Volunteers are being sought to help with two wetland planting days on Friday, March 31 and Saturday, April 1 at three sites along the Waiotaka River between Turangi and Stump Bay.
The wetland planting programme is a joint initiative between Project Tongariro, the Department of Conservation and Department of Corrections.
In the last seven years invasive willow trees have been removed from the area and replaced with native species including flax, manuka, kanuka, cabbage trees, kowhai and totara.
Project Tongariro spokeswoman Shirley Potter says more natives are being planted on Friday and Saturday in two areas that were planted last year and volunteer helpers would be greatly appreciated.
She says thousands of natives that were planted in recent years with volunteer help in areas of the Te Matapuna wetlands that were formerly overrun with willows are thriving in wet, fertile areas.
She says Project Tongariro's eventual aim is to eradicate all the willows - which are invasive and clog the waterways - and restore the wetlands to their former glory.
Funding from the Department of Conservation and the Waikato Catchment Ecological Enhancement Trust is being used for willow removal.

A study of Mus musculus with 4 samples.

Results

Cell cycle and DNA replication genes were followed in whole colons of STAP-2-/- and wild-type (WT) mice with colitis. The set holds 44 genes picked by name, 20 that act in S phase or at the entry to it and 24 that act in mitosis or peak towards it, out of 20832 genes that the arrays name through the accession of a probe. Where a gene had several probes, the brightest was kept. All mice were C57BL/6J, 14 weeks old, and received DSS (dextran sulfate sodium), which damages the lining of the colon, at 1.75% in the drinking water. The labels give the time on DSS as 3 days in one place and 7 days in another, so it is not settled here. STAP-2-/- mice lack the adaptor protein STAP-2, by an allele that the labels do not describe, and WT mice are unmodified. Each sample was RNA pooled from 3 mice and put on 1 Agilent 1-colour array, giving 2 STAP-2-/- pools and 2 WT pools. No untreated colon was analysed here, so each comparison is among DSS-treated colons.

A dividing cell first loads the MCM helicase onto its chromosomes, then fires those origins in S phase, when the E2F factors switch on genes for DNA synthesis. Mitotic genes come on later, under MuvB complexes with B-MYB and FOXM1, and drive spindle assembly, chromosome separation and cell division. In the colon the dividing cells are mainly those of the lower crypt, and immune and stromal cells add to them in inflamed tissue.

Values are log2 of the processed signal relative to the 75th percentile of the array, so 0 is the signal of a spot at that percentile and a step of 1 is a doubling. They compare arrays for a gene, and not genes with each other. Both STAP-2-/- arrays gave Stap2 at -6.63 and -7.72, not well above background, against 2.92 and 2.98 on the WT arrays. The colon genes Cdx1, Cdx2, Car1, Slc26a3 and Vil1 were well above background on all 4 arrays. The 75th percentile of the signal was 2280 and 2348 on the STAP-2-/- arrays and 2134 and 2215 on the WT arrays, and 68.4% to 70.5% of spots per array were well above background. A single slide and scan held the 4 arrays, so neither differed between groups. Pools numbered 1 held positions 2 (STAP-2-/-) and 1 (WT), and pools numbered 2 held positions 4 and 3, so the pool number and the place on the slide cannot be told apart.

Tongariro Prison is propagating native plant species for the wetland restoration programme.
Inmates have also assisted with ground preparation and ongoing weed maintenance of the planted areas.
The planting days on March 31 and April 1 are going ahead rain or shine. Volunteers are being asked to meet at the Stump Bay car park in Frethey Drive at 9am on both days.
Helpers should bring sturdy shoes, gloves, drinking water and a favourite shovel or grubber.
Project Tongariro will also have some tools. A barbecue lunch on both days is being sponsored by Turangi Marine.
- Anyone who can help or people needing transport should call Shirley on 386 7581 or email firstname.lastname@example.org or just meet at Stump Bay.